Matt Cunard, Senior Digital Marketer
How familiar does the following scenario sound?
Your bank just wrapped up its latest product or service campaign. You meet with executive staff to go over the results, but you’re having a bit of difficulty. You didn’t have the tools in place to measure your campaign, so there aren’t any definitive results to stand on. However, you did the best you could with the shoestring budget you were given.
The result is a meeting that is a little awkward and leaves your upper management’s confidence in you shaken and you feeling more than a little anxious.
If you’ve experienced this situation, you’re not alone. All across the country, community banks are having the same three issues when it comes to their marketing according to the Financial Brand’s 2016 Financial Marketing Trends Report:
- Measuring performance and/or proving results (ROI)
- Limited access to data analytics tools & reporting
- Budget constraints
Knowing your marketing pain points is one thing; figuring out solutions is another. To find success, it is crucial for you to look outside the traditional marketing box, both strategically and tactically. Think outside newspaper ads, radio spots and billboards, and shift your gaze to a medium that can be specifically targeted, is highly measurable and cost-effective: online marketing.
Pulling Back the Curtain on Modern Online Marketing
Online marketing today is far different than from in the past. Previously, it took coding and design skills to create marketing pieces for the web, and getting accurate numbers for reporting was difficult. Many marketers stayed away from online campaigns for these very reasons.
However, the rise of better reporting tools and powerful advertising platforms can now make any online marketing campaign stand head and shoulders above a traditional campaign. Here are a few of our favorite tools that have given us positive results time after time.
This is where the magic happens, whether you’re trying to get visitors to download a PDF, fill out a form, call you or otherwise interact with your bank. Its sole purpose is to convert; there’s no navigation or links to other pages of your site, just the content, visuals and functionality necessary to get users to complete the goal you’ve identified.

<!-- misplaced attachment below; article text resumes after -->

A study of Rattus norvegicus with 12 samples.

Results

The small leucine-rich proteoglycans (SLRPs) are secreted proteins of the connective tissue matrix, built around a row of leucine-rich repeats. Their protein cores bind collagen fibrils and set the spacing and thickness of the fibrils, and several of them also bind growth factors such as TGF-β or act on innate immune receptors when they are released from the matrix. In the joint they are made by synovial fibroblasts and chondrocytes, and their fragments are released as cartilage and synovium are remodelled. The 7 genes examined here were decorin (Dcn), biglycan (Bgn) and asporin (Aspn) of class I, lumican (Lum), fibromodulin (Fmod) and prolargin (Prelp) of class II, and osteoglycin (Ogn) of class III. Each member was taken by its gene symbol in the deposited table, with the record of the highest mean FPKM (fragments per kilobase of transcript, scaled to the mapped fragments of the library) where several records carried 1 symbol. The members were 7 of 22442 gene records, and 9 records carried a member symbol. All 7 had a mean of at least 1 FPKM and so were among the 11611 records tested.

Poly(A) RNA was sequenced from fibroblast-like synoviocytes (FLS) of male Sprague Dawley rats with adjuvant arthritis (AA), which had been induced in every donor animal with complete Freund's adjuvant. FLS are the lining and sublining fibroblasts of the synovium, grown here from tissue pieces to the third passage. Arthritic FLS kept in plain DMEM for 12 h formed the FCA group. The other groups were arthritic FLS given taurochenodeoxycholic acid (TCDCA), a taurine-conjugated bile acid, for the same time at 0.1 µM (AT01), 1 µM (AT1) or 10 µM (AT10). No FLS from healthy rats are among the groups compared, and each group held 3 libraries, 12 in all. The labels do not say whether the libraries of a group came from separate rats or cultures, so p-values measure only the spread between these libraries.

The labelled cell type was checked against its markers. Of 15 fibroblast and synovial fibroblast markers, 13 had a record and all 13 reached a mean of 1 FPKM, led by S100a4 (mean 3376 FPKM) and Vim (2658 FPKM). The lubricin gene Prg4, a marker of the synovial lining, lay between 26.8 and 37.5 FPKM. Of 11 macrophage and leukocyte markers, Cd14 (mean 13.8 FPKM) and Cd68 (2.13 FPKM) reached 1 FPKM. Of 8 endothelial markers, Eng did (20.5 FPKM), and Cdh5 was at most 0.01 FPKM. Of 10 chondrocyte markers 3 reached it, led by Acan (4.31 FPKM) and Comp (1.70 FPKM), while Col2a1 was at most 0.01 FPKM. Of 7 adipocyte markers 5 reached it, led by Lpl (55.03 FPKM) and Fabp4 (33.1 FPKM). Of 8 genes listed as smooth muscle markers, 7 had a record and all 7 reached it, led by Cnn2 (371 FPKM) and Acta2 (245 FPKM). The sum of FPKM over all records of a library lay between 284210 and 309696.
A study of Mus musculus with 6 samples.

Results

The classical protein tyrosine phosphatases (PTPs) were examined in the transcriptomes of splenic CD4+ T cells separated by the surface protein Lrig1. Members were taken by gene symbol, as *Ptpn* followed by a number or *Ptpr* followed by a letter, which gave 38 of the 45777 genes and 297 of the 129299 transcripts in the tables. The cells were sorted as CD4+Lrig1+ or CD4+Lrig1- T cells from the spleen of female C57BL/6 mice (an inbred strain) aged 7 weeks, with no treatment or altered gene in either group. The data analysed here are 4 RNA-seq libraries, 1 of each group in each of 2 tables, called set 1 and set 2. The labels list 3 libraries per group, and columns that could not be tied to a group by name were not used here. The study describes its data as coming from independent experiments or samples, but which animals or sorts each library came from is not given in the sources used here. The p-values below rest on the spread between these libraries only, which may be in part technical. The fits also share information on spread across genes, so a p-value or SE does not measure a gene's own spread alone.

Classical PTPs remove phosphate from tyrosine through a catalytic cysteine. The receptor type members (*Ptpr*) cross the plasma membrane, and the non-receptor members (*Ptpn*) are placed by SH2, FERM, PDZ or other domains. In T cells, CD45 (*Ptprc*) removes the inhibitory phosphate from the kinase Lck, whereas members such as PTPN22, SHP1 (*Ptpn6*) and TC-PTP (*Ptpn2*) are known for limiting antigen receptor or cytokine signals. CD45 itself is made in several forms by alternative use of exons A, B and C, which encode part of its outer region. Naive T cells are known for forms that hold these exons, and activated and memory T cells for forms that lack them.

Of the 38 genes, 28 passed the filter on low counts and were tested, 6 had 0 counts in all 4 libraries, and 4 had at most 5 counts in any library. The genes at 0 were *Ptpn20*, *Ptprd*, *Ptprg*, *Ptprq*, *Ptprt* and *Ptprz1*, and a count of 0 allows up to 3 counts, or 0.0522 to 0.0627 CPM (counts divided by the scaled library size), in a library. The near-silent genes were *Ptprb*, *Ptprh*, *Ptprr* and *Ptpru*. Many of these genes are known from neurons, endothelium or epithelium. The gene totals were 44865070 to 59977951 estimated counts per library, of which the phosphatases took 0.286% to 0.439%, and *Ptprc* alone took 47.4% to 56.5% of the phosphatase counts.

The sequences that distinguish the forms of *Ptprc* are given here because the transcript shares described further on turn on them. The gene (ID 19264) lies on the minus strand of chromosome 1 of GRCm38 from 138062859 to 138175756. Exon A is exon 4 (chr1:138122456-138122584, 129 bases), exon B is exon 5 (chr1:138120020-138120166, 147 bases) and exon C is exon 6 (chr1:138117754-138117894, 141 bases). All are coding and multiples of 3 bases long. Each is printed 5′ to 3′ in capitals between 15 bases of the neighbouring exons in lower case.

The standard for analytics programs, Google Analytics provides a wealth of information regarding how users are getting to your landing page, where they are coming from and detailed information about them including:
- Users’ locations
- What device they are using when they access the landing page (desktop, tablet or smartphone, even breaking down to the device make and model)
- Demographic information such as gender and age
- Time spent on the page
Google Analytics is key to reporting back on the number of users you have engaged, where they came from how well you kept their attention.
Google Tag Manager
While Google Analytics tells you how users got to the page and how long they were there, Tag Manager tells you what users are doing on your landing page. You can set Tag Manager to “fire” for practically any interaction a user can have on the page, such as:
- Clicking or tapping a link
- Downloading a PDF
- Entering information into a form
- Interacting with a form without completing it
- Submitting a form
- Clicking or tapping an option to expand content
- Tapping the phone number on a smartphone to call you
- Scrolling down the page
Tag Manager takes the data from Google Analytics a step further, giving you the concrete numbers you need for reporting (“We had x-number of users download our budgeting guide y-number of times”).
Now that you have your landing page up with the necessary analytics and reporting tools ready to go, you need to get traffic to your page. However, your landing page is not the “Field of Dreams;” just because you build it does not mean users will automatically come there. Online advertising is a great solution to deliver the qualified traffic you want to your landing page.
I say “qualified traffic” because online ads are based on search queries of users, demographic information or both. This is a more targeted approach than blasting out your message to everyone through a newspaper ad or a billboard.
Our preferred advertising platform is Google AdWords. In AdWords, you can target based on location, income data, day of the week, time of day and whether or not the search is coming from a mobile device. Ads are created to target your keyword list, audience interest or the searches you want your ads showing for.
However, there is a catch. To run a successful campaign in AdWords, you should rely on a Google-certified specialist to do the pre-campaign research and to continue to manage the campaign from start to finish. Otherwise, you risk wasting your budget on a campaign that gets you little to no positive results.
And speaking of budget, you don’t have to spend a lot with AdWords to win big. Most of the budgets we work with are in the $100-$350 per month range. And if that seems like a lot, here’s an anecdote. I met with a business owner recently who wanted to spend $1,350 on a billboard for four weeks. Not only is that a huge amount of money in a short time, a billboard isn’t targeted to anyone specific and there isn’t a truly accurate way to report a return on investment. Plus, one new customer would mean recouping the costs of the campaign completely, with additional new customers being icing on the cake.
All of these tools add up to better campaigns with measurable results and lower costs that will blow your traditional campaigns out of the water. For you, this means fewer awkward meetings with executives, a higher ROI and more confidence in your ability to produce results (cue happy dance).